Executives at the Pittsburgh-based aluminum supplier announced the retiree benefits moves Wednesday, when the company released its fourth-quarter earnings.
Alcoa posted a $196 million net loss for the fourth quarter, but it reported strong operating earnings for the full year, and it ended 2017 with about $1.4 billion in cash, up from about $900 million in cash a year earlier.
Alcoa said it will try to reduce its exposure to retiree benefits obligations by freezing the defined benefit pension plans it now offers for salaried employees in the United States and Canada. The plans have about 800 participants. The freeze will take effect Jan. 1, 2021, the company said.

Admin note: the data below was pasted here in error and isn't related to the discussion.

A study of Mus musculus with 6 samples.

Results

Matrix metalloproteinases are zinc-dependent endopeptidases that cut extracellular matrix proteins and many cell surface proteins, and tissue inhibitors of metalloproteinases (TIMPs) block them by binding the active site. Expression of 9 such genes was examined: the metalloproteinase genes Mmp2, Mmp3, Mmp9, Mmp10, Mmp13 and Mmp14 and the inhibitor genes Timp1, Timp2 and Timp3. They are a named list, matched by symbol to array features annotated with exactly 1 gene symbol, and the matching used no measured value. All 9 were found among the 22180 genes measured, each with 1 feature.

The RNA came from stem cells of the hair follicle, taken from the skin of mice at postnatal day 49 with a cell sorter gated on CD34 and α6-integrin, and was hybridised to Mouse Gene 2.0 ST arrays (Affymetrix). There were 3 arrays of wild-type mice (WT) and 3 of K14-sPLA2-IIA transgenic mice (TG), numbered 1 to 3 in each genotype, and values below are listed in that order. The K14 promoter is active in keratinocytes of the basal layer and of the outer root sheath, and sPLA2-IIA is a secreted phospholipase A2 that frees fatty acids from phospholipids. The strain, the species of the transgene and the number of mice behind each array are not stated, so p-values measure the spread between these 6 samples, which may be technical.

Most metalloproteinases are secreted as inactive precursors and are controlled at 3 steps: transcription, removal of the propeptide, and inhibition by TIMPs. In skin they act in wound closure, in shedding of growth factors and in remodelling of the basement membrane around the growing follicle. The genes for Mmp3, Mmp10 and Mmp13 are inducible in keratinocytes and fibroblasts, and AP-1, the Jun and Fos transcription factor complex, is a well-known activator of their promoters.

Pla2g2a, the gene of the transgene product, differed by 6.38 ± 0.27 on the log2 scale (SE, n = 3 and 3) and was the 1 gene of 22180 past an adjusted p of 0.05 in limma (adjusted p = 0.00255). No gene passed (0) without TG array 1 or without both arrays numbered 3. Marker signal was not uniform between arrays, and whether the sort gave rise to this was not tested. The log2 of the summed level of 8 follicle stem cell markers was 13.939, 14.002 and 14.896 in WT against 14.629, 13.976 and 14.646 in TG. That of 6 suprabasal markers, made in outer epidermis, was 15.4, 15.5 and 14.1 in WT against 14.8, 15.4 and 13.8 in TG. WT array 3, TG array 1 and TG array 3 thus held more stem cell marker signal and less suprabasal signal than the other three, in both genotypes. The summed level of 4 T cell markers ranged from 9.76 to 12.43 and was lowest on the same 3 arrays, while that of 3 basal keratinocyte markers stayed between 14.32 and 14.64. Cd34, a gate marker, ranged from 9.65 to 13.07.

Starting in 2021, Alcoa will also stop providing a subsidy for U.S. retirees who are under 65 and do not qualify for Medicare, the company said.
To manage exposure to the pension plan obligations already on the books, Alcoa will spend $300 million on annuities.
The company hopes to use annuities to transfer pension risk for about 9,000 retirees, executive said during a conference call with securities analysts.
Alcoa would be spending about $33,000 per retiree on transferring pension risk.
Alcoa said it will phase annuitization in over time.
The company said it now has about $2 billion in net U.S. pension liabilities on its books and $1.2 billion in net liabilities for retiree health benefits.
A year earlier, the company had $1.5 billion in net U.S. pension liabilities and $1.3 billion in net retiree health benefits liabilities.